Nagamani’s Navaratri Gombae – A Wonderland Of Dolls
Nagamani Rao is in her 70s but her childhood love for dolls remains undiminished. Her Navaratri Gombae had us mesmerised. Here’s how she does it.
Little girls live and breathe dolls till their age reaches the double digits; they usually forget all about them as they step into adulthood. Seldom would one find a girl whose love for dolls followed her well into her womanhood and is still around when she is in her 70s. Meet Nagamani Rao, whose heart is still a home to dolls and so is her residence in Vidyaranyapura, Bangalore.
I met Nagamani as I was invited by a dear friend, her son, to see the Navaratri Gombae display (traditional display of dolls in South Indian homes during Navaratri) at his home. Come see the dolls, is all my friend had said. Little did I know what was in store for me and my daughter because stepping into Nagamani’s home was like entering a fairy tale land. On one side of the living room was the traditional display of dolls on seven steps, while at the other end of the hall was the gateway to a magical land.
A land that had plush green forests on one end, complete with its wild life and tribal folks; an arch (handmade) leading to the forest; a pond (handmade again) with flamingo, ducks and geese; a waterfall with croaking frogs and chirping birds; a farm land tilled by farmers.
On the other end on display was a modern city with beautiful homes and its many doll people, roads with toy cars and a train track with toy rail cars. Dolls from all over the globe – Japan, Singapore and Australia among others, were delicately set on sand that had travelled in a bottle all the way from Dubai with her son. The forest too had a global touch with rocks from the land of Tibet and volcanic rocks from Japan. It was just the right stage to unfold Nagamani’s passion for dolls in full glory. A passion that is supported fully by her husband and sons, for over 35 years now.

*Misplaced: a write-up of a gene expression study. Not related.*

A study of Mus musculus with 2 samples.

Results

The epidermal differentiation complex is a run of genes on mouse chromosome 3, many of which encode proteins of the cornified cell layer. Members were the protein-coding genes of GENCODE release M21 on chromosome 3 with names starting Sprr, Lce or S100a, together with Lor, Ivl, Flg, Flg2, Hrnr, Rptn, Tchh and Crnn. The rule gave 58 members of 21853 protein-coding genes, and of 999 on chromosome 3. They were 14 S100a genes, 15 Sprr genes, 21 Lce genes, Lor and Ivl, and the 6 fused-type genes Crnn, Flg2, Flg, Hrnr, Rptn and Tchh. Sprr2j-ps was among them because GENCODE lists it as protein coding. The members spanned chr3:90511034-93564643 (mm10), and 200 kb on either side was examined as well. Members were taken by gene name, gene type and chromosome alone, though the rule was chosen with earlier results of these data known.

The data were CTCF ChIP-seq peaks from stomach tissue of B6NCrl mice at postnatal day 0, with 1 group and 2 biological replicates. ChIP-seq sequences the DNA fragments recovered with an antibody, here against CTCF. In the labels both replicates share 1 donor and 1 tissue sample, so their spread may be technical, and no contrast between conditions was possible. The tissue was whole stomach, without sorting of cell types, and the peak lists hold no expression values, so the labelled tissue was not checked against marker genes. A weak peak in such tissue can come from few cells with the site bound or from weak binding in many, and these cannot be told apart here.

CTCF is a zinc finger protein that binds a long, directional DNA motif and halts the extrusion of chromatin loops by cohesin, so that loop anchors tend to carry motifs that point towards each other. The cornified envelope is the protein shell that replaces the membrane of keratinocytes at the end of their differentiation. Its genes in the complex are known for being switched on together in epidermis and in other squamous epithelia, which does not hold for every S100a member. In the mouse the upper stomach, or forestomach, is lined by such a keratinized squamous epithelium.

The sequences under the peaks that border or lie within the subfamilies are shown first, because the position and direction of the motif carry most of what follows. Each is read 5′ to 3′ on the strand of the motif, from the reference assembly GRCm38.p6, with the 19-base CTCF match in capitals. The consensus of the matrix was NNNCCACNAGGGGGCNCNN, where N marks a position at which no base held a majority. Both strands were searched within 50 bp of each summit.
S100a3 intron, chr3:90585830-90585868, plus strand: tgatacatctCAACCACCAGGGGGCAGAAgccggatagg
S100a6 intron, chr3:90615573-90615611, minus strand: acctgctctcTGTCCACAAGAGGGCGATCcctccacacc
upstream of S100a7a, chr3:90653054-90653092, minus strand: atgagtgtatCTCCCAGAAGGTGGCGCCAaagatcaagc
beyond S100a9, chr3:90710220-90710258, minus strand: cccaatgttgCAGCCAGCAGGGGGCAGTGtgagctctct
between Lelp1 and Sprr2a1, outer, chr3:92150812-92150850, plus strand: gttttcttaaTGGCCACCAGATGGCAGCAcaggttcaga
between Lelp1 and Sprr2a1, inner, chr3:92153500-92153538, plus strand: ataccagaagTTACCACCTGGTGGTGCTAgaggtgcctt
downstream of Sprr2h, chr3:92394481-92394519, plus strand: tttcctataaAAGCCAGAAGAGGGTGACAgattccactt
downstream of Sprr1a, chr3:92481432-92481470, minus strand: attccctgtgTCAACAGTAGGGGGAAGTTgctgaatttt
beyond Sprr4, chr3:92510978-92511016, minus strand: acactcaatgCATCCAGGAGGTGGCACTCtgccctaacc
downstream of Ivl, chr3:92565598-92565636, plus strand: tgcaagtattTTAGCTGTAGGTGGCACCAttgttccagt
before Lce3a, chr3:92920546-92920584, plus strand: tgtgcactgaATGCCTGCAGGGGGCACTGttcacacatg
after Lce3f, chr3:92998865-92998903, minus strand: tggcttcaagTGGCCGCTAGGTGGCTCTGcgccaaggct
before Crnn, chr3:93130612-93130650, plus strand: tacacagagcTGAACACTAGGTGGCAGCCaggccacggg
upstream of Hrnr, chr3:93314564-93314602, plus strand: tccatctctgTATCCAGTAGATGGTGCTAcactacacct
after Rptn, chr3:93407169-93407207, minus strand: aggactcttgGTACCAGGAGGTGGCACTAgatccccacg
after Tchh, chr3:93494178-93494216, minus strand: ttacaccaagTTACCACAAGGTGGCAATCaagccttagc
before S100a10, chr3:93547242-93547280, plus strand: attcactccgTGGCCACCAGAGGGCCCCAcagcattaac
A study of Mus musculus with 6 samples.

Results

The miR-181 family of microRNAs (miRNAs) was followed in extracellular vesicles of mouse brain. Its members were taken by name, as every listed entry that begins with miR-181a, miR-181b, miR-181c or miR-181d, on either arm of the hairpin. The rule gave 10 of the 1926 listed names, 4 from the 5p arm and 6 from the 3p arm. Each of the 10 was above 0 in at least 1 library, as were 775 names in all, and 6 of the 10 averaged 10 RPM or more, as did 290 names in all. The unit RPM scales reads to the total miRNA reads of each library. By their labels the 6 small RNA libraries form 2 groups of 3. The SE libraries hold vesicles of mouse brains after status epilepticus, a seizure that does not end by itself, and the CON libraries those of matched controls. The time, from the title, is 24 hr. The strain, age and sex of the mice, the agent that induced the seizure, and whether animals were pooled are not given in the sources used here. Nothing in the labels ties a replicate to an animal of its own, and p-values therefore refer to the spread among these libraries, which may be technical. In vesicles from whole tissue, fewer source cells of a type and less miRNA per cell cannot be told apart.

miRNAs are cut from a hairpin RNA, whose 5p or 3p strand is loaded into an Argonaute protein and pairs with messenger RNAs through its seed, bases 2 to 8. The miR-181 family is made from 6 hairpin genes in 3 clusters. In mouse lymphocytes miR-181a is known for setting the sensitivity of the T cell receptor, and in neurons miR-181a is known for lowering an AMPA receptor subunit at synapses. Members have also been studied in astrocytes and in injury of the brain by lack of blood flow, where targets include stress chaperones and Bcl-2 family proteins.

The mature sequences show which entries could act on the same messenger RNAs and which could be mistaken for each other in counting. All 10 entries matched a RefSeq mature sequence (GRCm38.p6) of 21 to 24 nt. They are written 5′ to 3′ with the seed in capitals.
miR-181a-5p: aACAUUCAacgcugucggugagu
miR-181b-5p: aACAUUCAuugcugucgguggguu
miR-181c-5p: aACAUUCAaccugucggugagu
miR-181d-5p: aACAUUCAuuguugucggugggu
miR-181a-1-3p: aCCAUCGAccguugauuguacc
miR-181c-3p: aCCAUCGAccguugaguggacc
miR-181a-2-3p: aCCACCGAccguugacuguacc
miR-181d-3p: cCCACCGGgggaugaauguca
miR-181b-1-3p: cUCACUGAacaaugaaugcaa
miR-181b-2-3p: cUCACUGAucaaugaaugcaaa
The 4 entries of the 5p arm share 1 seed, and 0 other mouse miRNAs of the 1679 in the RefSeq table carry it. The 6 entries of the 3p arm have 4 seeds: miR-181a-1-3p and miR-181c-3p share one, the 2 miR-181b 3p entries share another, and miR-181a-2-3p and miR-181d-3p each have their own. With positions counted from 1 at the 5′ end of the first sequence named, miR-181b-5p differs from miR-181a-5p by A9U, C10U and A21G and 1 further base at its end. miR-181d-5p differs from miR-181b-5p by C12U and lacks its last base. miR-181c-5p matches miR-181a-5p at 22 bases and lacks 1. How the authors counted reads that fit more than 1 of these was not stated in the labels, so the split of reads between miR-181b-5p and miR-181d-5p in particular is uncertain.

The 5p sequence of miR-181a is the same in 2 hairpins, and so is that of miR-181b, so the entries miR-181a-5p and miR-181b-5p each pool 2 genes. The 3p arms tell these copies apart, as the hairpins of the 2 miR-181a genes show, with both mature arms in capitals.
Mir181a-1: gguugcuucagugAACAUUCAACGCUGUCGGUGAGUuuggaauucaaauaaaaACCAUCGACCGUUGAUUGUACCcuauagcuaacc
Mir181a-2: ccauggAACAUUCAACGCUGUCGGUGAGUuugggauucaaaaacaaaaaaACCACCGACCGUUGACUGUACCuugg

Nagamani got introduced to the tradition of Navaratri Gombae as a little girl, when she would help her mother set it up every year. Post marriage, Nagamani travelled across the globe with her husband, sometimes carrying forward the tradition and sometimes not. However, that did not diminish her penchant for dolls as she picked up dolls for her collection, wherever she went. While in Japan she even learnt making dresses for Japanese dolls and has many dolls from Japan looking resplendent in their fine kimonos designed and made by Nagamani herself, adorning every nook and corner of her home. In Australia she learnt how to make porcelain dolls. Does she make Indian dolls too; I wonder? “Oh! I want to,” pat comes the reply “but I haven’t been able to find a teacher to teach me the same.”
Every year, the septuagenarian starts setting up her dolls very painstakingly, at least 10-15 days before the start of the Navaratri festival and keeps them on display well beyond the official closure of the festival, as she has visitors making a beeline every year to see the display. “I now take help from my sister to help set up,” says Nagamani. How long does it take her to wind up? “Two days, that’s all!”
As I move from doll to doll, I am reminded of my favourite museum in Delhi, the Doll Museum and I realise Nagamani’s home is a miniature doll museum in itself. I spot a doll that seems to have a special place for herself. Nagamani says, “This is a doll from my childhood that my mother gave to me. This year I wanted to dress her up in a sari but I didn’t find the time to make one.” And just like that I catch a glimpse of the little girl she once was, madly and deeply in love with dolls.
As I say my goodbyes, I realise my photographs will not do justice to Nagamani’s beautiful Navaratri Gombae. I thank my stars and my friend for allowing me to visit their home on the very last day of the display, for a year would have been too long a wait. I will surely be back again next year to see Nagamani and her beautiful world of dolls.